3 considerations when recruiting in international markets

Do you need to recruit within international markets? If so, methods and techniques that may be successful in the UK may not be relevant and deliver the same result in China or Japan. Gaining the best results will only happen if you match the right skills to the right job!

Below are 3 tips that will help you obtain the best outcomes for your business.

  1. Market research

Perhaps the most important tip, and certainly the one to follow in the first instance, is to do your market research. There is absolutely no point in undertaking a recruitment campaign in a geographical area you have very little knowledge of, and expect the results to be similar to those you achieve in the UK. For example, in France a law to reduce the statutory working week from 39 hours to 35 hours was introduced in 2000 and 2002 (the year was dependant on the size of the company). Staying in France, approximately 80% of organisations still use graphology for recruitment and screening purposes, despite the increased use of computers and therefore, decline in handwriting (source http://www.hrmagazine.co.uk/article-details/are-uk-employers-embracing-graphology).

Look at local job adverts and assess the language and tone

Obtain as much information as possible about the local market, how your industry/sector functions in that market, what salaries look like and who your competitors will be. Gathering this information in advance will mean you have a good local knowledge base when writing and posting your job adverts. Learning as much as possible about the local market and how your company will fit, will also lead to more detailed, meaningful and personalised conversations during the interview process.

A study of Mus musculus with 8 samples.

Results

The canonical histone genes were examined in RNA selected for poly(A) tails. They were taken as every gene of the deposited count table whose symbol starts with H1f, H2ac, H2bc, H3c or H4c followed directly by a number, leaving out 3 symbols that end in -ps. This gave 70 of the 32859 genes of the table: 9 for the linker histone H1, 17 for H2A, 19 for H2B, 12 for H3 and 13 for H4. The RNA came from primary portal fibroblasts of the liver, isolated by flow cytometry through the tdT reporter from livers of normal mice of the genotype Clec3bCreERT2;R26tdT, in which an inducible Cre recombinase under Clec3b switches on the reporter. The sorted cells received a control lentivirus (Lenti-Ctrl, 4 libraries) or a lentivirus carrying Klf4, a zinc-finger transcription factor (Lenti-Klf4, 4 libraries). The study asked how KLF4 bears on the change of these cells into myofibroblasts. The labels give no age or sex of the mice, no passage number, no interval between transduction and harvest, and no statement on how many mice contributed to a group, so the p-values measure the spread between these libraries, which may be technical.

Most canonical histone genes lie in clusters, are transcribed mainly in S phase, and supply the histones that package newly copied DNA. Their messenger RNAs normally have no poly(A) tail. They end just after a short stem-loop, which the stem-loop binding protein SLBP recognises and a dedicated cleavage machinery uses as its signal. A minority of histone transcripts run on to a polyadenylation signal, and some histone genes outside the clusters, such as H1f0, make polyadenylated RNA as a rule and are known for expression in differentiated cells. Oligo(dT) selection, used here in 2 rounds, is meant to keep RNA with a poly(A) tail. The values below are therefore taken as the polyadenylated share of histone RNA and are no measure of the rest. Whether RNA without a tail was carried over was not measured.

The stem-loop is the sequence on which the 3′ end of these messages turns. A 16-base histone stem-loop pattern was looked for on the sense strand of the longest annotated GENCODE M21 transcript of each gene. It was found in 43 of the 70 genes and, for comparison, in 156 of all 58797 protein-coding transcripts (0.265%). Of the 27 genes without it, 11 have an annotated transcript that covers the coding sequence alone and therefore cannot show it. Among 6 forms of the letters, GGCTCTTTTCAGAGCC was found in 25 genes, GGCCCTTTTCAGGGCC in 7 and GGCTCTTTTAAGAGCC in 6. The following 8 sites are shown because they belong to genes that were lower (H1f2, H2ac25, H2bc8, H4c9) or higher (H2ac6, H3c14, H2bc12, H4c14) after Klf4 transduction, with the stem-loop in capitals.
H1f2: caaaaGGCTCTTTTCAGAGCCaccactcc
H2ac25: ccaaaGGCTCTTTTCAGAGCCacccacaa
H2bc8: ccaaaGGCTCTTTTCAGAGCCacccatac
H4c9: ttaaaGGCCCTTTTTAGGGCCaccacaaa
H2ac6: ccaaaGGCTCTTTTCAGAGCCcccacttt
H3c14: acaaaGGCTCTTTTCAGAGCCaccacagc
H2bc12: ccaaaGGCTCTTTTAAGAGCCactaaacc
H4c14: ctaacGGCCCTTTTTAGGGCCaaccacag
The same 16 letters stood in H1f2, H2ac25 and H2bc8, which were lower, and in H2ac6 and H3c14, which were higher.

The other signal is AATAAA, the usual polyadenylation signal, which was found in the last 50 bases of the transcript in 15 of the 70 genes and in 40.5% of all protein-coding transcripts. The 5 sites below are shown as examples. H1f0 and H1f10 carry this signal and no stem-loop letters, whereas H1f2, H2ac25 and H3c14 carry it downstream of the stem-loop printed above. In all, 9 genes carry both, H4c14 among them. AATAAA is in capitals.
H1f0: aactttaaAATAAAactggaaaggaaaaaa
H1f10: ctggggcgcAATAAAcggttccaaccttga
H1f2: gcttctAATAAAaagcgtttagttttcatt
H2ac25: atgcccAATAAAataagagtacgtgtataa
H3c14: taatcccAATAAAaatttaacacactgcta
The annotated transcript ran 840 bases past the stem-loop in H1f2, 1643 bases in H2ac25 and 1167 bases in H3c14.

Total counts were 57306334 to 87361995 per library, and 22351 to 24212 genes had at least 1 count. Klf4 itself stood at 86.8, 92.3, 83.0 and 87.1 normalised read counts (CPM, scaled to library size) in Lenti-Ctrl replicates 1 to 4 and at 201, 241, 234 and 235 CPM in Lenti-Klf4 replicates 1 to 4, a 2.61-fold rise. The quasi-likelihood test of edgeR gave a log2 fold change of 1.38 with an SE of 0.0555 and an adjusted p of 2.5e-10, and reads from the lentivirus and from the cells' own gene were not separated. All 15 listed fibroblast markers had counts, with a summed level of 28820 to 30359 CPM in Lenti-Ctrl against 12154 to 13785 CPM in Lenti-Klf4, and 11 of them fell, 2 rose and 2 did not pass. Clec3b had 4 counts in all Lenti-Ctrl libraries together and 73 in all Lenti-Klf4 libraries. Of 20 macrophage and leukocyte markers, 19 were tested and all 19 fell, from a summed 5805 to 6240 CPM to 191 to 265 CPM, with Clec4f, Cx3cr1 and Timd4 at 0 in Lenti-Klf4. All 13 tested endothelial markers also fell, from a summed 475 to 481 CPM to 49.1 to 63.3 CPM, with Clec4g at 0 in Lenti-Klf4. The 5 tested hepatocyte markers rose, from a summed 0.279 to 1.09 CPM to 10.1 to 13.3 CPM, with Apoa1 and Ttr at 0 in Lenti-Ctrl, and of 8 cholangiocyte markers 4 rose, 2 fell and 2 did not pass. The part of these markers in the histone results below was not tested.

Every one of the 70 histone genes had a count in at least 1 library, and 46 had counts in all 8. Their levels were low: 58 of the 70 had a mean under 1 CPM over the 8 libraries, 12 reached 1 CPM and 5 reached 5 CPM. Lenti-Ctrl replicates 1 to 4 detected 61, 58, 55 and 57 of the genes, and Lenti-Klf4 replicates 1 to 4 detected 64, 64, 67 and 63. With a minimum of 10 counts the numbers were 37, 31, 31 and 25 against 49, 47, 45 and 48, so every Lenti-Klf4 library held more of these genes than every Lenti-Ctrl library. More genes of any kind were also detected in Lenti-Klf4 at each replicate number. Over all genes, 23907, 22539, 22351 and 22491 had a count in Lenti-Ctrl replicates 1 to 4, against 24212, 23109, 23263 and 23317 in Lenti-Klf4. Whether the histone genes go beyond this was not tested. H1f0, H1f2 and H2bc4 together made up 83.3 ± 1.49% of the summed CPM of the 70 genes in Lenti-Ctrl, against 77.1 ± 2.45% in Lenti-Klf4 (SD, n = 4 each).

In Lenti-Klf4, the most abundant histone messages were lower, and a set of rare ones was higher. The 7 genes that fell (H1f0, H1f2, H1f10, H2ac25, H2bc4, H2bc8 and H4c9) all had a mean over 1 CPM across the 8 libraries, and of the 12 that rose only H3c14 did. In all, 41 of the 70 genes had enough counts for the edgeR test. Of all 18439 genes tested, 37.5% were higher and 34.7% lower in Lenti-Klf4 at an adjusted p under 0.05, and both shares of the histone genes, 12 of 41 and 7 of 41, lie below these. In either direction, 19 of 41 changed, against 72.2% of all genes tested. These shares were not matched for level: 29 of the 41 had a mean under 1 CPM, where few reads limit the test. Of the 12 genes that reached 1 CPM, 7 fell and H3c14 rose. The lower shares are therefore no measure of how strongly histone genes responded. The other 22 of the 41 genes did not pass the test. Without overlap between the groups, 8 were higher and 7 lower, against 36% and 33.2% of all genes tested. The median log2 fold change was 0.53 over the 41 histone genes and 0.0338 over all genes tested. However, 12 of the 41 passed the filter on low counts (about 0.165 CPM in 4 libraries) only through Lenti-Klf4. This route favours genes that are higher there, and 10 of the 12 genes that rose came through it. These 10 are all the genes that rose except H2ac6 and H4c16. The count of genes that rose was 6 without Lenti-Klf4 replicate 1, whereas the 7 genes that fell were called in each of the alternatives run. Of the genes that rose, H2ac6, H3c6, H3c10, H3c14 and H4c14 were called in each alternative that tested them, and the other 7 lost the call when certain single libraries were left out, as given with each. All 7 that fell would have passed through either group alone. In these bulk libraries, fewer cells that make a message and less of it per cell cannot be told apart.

1. Localised messages

As we know, words and phrases mean different things in different languages! Therefore, it is important to ensure your recruitment messages are appropriate for the ‘local’ market and incorporate cultural and social differences. After all, what sounds great in London and Manchester may not be appropriate for Beijing or Tokyo! Localise your messages accordingly, so it is specific and relevant to the candidates you are trying to reach and attract.

Rrecruitment messages should incorporate cultural and social differences

Make the most of social media channels and consider which of them your ideal candidates are most likely to be interested in and use.  Also, look at local job adverts and assess the language and tone, so you can create a similar style in yours. Look at local methods of engaging with prospective candidates instead of just going through the same processes you use in the UK, and speak to your contacts for advice regarding which methods and techniques work best for them.

 

  1. Qualifications and experience

Is the candidate sat opposite you right for the job? All too often, we focus on a candidate’s qualifications and experience however, when recruiting in international markets it is important to look at all aspects including knowledge of the local market, culture and language.

When selecting a candidate, a number of people will go with their ‘gut feel’ and 99% of the time, insist this works for them. There are more scientific ways in which to recruit someone however, instincts are important.

If your instincts tell you a candidate is right for you, but they do not tick all the boxes, it may be worth considering whether the job specification can be tweaked. After all, recruit in haste and repent at leisure!

At Capita Translation and Interpreting, we are able to advise and assist you in all aspects of localisation for your recruitment campaigns. Make sure you are attracting the right people to fill your roles.